The executive vice president and chief financial officer of Bed Bath & Beyond (BBBY), who died from an apparent suicide when he reportedly jumped from a New York skyscraper on Sept. 2, had been facing a $1.2 billion stock suit since late August over allegedly inflating the company’s share value.
The New York City medical examiner’s office said CFO Gustavo Arnal died from multiple blunt trauma and that he had taken his own life.
Prior to Arnal’s death, a group of shareholders that claimed a loss of around $1.2 billion had sued him and majority shareholder Ryan Cohen, a billionaire investor and chairman of GameStop, over accusations of artificially inflating the firm’s stock price in a “pump and dump” stock fraud scheme.
The class-action suit, filed in the U.S. District Court for the District of Columbia on Aug. 23—11 days prior to Arnal’s death—claims that Cohen approached Arnal about his plan to control shares of Bed Bath & Beyond, in a scheme from which they could both profit. Arnal allegedly sold his shares at a higher price after the scheme.
The filing alleged Cohen offered to purchase a large stake in the company, including call options on more than 1.6 million BBBY shares with a strike price between $60 and $80, while in exchange, Arnal would ensure that insiders wouldn’t flood the market with the stock.
As part of the plan, Arnal “agreed to regulate all insider sales by BBBY’s officers and directors to ensure that the market would not be inundated with a large number of BBBY shares at a given time,” the lawsuit reads. It also said Arnal issued “materially misleading” statements to investors regarding the company’s strategic plans, financial condition, and so on.
The two were listed as defendants. One plaintiff, Pengcheng Si of Falls Church, Virginia, said she and her spouse bought 8,020 shares of the company between March 25 and Aug. 18 “and have suffered realized and market losses of approximately $106,480.”
The company’s shares have been highly volatile in recent months, being viewed as a “meme” stock, which trade more on social media sentiment than economic fundamentals.
This year, BBBY stock climbed from $4.4o per share in early July to $30 per share on Aug. 17, around the time when Arnal sold more than 42,500 shares for more than $1 million, according to MarketBeat.com. Following the completion of the transaction, Arnal still held nearly 267,900 shares in the company, valued at more than $6 million.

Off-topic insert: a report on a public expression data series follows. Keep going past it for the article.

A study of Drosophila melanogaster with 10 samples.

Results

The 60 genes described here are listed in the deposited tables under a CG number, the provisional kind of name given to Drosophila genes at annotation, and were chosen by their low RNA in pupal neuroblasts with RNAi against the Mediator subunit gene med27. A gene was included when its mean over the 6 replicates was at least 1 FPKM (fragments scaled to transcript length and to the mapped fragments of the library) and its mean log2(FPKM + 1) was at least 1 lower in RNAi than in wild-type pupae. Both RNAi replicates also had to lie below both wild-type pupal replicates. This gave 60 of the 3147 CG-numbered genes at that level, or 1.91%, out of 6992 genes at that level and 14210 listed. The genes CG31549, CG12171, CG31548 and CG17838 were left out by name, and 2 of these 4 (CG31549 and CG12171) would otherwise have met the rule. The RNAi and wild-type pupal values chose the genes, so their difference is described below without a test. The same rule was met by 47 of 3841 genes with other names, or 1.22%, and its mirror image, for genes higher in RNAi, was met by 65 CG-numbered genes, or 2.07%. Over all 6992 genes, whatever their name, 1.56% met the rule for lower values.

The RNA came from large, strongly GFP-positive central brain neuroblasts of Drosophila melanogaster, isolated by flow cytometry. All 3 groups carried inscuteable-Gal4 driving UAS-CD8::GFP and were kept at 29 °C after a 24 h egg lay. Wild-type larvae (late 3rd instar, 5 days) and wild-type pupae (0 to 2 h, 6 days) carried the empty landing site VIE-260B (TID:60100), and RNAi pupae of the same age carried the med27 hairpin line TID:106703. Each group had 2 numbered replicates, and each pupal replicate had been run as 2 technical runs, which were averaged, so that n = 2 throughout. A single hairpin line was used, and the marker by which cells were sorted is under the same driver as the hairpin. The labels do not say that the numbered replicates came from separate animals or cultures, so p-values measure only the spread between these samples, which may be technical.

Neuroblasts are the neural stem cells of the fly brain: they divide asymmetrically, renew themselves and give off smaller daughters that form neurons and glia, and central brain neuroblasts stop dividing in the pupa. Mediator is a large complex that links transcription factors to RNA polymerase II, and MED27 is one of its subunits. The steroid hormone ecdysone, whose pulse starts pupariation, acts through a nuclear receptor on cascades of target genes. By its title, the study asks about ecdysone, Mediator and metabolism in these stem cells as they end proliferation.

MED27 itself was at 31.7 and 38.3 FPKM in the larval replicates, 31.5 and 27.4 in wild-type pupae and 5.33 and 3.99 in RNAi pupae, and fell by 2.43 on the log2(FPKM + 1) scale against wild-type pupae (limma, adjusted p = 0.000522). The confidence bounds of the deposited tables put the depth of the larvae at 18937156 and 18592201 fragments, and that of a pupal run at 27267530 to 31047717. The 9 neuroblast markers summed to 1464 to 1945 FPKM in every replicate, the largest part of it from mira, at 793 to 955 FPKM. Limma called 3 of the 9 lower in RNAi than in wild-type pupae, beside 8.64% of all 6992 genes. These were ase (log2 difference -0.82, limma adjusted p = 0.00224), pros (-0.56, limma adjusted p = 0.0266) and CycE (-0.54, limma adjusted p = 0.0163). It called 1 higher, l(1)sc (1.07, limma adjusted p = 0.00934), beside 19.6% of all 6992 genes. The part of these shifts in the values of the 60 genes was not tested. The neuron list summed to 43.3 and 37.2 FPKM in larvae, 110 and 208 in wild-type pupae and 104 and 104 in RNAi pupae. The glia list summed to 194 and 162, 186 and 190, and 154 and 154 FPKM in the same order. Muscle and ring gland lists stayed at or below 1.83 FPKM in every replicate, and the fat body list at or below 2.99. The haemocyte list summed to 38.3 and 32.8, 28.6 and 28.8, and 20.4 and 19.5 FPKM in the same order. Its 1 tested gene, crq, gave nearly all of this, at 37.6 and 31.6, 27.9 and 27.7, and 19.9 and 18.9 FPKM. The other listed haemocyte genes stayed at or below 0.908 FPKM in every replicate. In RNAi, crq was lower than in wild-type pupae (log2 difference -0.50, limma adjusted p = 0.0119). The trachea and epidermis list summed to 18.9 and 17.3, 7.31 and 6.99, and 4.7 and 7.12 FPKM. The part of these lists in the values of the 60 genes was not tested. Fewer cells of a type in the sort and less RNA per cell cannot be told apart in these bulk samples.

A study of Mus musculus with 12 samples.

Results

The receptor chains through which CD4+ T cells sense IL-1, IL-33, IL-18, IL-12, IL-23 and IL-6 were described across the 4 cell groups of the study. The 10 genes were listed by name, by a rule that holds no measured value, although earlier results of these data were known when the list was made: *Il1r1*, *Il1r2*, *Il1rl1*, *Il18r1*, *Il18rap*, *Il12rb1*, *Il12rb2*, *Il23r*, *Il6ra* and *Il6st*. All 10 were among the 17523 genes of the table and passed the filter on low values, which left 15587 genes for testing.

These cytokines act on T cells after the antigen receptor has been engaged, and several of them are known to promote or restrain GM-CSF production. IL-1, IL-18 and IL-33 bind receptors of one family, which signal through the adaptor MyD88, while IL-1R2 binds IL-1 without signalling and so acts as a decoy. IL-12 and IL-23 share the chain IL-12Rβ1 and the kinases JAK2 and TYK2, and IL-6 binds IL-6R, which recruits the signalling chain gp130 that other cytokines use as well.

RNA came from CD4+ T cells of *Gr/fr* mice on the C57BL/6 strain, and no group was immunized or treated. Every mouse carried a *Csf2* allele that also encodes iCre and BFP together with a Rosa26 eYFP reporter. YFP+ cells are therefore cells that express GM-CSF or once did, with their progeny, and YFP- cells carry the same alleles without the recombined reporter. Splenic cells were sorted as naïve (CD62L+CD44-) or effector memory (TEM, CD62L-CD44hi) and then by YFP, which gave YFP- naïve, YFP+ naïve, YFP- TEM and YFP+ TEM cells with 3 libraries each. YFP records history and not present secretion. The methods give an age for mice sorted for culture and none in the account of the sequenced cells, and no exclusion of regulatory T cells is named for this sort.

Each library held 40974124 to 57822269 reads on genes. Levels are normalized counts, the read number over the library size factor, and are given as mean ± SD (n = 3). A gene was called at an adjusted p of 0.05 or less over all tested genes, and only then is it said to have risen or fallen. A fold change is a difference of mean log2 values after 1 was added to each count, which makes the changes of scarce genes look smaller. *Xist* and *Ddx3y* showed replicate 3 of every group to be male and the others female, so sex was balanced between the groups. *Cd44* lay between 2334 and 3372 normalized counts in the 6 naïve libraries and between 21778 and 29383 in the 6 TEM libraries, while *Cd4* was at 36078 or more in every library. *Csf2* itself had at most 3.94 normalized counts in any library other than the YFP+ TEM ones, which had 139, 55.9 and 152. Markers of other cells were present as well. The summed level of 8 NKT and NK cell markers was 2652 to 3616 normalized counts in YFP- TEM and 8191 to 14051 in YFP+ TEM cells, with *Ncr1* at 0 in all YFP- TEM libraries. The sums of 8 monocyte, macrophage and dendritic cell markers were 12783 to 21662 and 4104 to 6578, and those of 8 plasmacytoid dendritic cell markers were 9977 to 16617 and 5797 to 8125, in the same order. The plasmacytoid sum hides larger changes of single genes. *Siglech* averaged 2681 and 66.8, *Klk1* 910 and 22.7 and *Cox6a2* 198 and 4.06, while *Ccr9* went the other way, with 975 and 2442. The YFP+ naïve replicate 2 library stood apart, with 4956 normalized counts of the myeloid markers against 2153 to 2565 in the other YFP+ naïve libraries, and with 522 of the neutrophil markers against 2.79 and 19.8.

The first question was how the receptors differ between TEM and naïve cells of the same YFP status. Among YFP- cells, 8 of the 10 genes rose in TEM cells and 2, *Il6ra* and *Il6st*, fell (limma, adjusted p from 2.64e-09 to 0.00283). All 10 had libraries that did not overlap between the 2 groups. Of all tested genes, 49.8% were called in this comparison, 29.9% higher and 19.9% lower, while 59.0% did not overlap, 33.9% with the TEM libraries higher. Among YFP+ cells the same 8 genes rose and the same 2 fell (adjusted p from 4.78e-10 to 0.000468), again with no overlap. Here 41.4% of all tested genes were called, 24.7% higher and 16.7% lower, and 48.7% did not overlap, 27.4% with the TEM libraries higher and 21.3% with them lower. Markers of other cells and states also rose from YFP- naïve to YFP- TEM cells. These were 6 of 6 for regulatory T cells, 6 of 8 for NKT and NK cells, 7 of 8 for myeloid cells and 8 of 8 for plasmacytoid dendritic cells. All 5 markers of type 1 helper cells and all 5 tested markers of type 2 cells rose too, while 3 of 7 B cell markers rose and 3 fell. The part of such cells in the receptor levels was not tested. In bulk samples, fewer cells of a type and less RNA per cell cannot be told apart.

The company’s stock closed at $8.63 on Sept. 2.
The court papers also claim that Arnal and Cohen discussed an exit strategy with J.P. Morgan Securities LLC before they sold their shares. Although BBBY is said to have been in the early stages of evaluating the complaint, it believes “the claims are without merit,” Reuters reported.
A BBBY spokesman declined to comment on the lawsuit. The company said in a statement to The Epoch Times on Monday, “We will not comment on litigation and ask that you please respect Mr. Arnal’s family and their privacy at this time.”
Cohen didn’t respond to a request for comment by press time.
Arnal, 52, fell to death from his 18th-floor apartment in the 56 Leonard Street building, known as the “Jenga Tower,” in Manhattan’s Tribeca neighborhood, the New York City Police Department confirmed to news outlets.
BBBY confirmed Arnal’s death in a Sept. 4 statement, adding that the entire company was “profoundly saddened by this shocking loss.”
“Our focus is on supporting his family and his team, and our thoughts are with them during this sad and difficult time. Please join us in respecting the family’s privacy,” said Harriet Edelman, chair of BBBY’s board of directors.
Last week, the home-supply retail giant said it would close 150 stores, cut jobs, and overhauled its merchandising strategy in an attempt to turn around the money-losing business.
It forecast a bigger-than-expected 26 percent slump in second-quarter same-store sales, and said it would retain its Buy Buy Baby business, which it had put up for sale.
If you or someone you know is experiencing a crisis or is considering suicide, has mental health issues, or is engaging in substance abuse, dial or text the U.S. Suicide and Crisis Lifeline at 988 to speak with a counselor. If you’re in the United Kingdom, call the Samaritans at 116123.
Reuters contributed to this report.
The article has been updated with a response from a BBBY spokesman.